First Cases of West Nile Virus

For immediate release: Sept. 2, 2011
Media Contact: Vermont Department of Health 802-863-7281

Take precautions to avoid mosquito-borne viruses after the storm

BURLINGTON – West Nile virus has arrived in Vermont. This mosquito-borne illness is typically reported in the Northeastern U.S. at the end of the summer. The Vermont Department of Health has received two reports of infection in people in recent weeks. This is the first time human cases have been reported in our state since 2003.

One case currently under investigation is in a resident of Addison County. The person was hospitalized but is recovering. Earlier this summer, a Franklin County resident was found to be infected when their blood donation tested positive for West Nile virus. Donated blood is routinely tested for the virus and when found to be positive, as in this case, it is discarded.

West Nile virus has been detected in Vermont most years since surveillance for the virus began in 2000. Over the years, virus has been detected in mosquitoes, dead birds, horses, and a few people. This season, in addition to the human infections, the virus has been detected in two mosquito pools in Brandon and Cornwall, and a total of seven dead birds found in Vernon, Colchester, Essex, Shelburne and Rutland. West Nile virus activity is being seen in most of the state, and the activity is peaking now.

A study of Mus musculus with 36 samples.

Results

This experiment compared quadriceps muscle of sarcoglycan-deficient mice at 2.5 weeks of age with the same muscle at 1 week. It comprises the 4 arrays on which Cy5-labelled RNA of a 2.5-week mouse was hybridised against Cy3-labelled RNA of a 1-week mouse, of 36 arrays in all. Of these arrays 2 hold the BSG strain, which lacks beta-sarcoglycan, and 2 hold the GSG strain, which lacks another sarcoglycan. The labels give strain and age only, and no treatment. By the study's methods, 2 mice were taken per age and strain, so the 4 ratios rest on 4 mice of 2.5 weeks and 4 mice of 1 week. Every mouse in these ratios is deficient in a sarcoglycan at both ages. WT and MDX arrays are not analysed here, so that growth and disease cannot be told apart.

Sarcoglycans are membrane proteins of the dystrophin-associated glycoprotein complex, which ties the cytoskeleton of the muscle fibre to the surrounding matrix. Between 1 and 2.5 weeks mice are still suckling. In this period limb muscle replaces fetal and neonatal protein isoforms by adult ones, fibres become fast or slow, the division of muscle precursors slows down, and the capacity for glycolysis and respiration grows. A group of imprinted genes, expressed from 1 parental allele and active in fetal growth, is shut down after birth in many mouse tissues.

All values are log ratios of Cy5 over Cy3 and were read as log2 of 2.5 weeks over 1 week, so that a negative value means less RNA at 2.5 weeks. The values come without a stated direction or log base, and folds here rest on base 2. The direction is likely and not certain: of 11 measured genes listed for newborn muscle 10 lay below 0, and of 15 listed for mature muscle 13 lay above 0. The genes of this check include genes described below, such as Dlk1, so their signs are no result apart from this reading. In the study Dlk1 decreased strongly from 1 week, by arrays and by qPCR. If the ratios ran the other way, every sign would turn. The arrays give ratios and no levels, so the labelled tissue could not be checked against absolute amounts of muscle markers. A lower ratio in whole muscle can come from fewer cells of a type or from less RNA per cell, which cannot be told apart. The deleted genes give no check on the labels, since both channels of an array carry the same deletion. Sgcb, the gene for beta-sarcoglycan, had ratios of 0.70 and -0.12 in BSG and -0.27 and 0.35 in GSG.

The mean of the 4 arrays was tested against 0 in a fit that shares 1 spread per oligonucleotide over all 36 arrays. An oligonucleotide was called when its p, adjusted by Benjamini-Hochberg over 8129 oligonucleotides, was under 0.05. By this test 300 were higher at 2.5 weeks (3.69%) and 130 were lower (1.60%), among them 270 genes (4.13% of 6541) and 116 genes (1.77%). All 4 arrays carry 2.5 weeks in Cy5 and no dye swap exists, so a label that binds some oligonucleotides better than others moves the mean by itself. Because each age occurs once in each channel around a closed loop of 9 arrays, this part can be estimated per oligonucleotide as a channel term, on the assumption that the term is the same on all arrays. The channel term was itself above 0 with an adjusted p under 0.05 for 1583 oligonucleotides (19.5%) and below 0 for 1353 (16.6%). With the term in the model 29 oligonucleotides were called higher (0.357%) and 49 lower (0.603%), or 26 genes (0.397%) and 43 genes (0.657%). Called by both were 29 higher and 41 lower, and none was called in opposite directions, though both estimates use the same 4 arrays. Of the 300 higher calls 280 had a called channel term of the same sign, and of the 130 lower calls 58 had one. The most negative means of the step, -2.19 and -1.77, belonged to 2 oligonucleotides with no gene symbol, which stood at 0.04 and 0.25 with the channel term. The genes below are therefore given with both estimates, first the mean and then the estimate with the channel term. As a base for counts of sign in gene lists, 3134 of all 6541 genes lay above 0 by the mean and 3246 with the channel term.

While most people who become infected do not become ill, about 20 percent experience a flu-like illness, and less than 1 percent develop a more severe illness that affects the nervous system. Symptoms of West Nile virus typically include high fever, muscle aches, headache and fatigue. When the nervous system is involved, symptoms may include a stiff neck, severe headache, or a change in mental status.

Take precautions to avoid mosquito bites 

Although the risk of becoming ill is low, the Health Department recommends that people take precautions to avoid mosquito bites. If you can, reduce mosquito breeding habitats by getting rid of standing water, and drain areas where water can pool such as rain gutters, wading pools and old tires. However, if your area has been flooded and you can’t remove standing water, you can still take steps to prevent mosquito bites.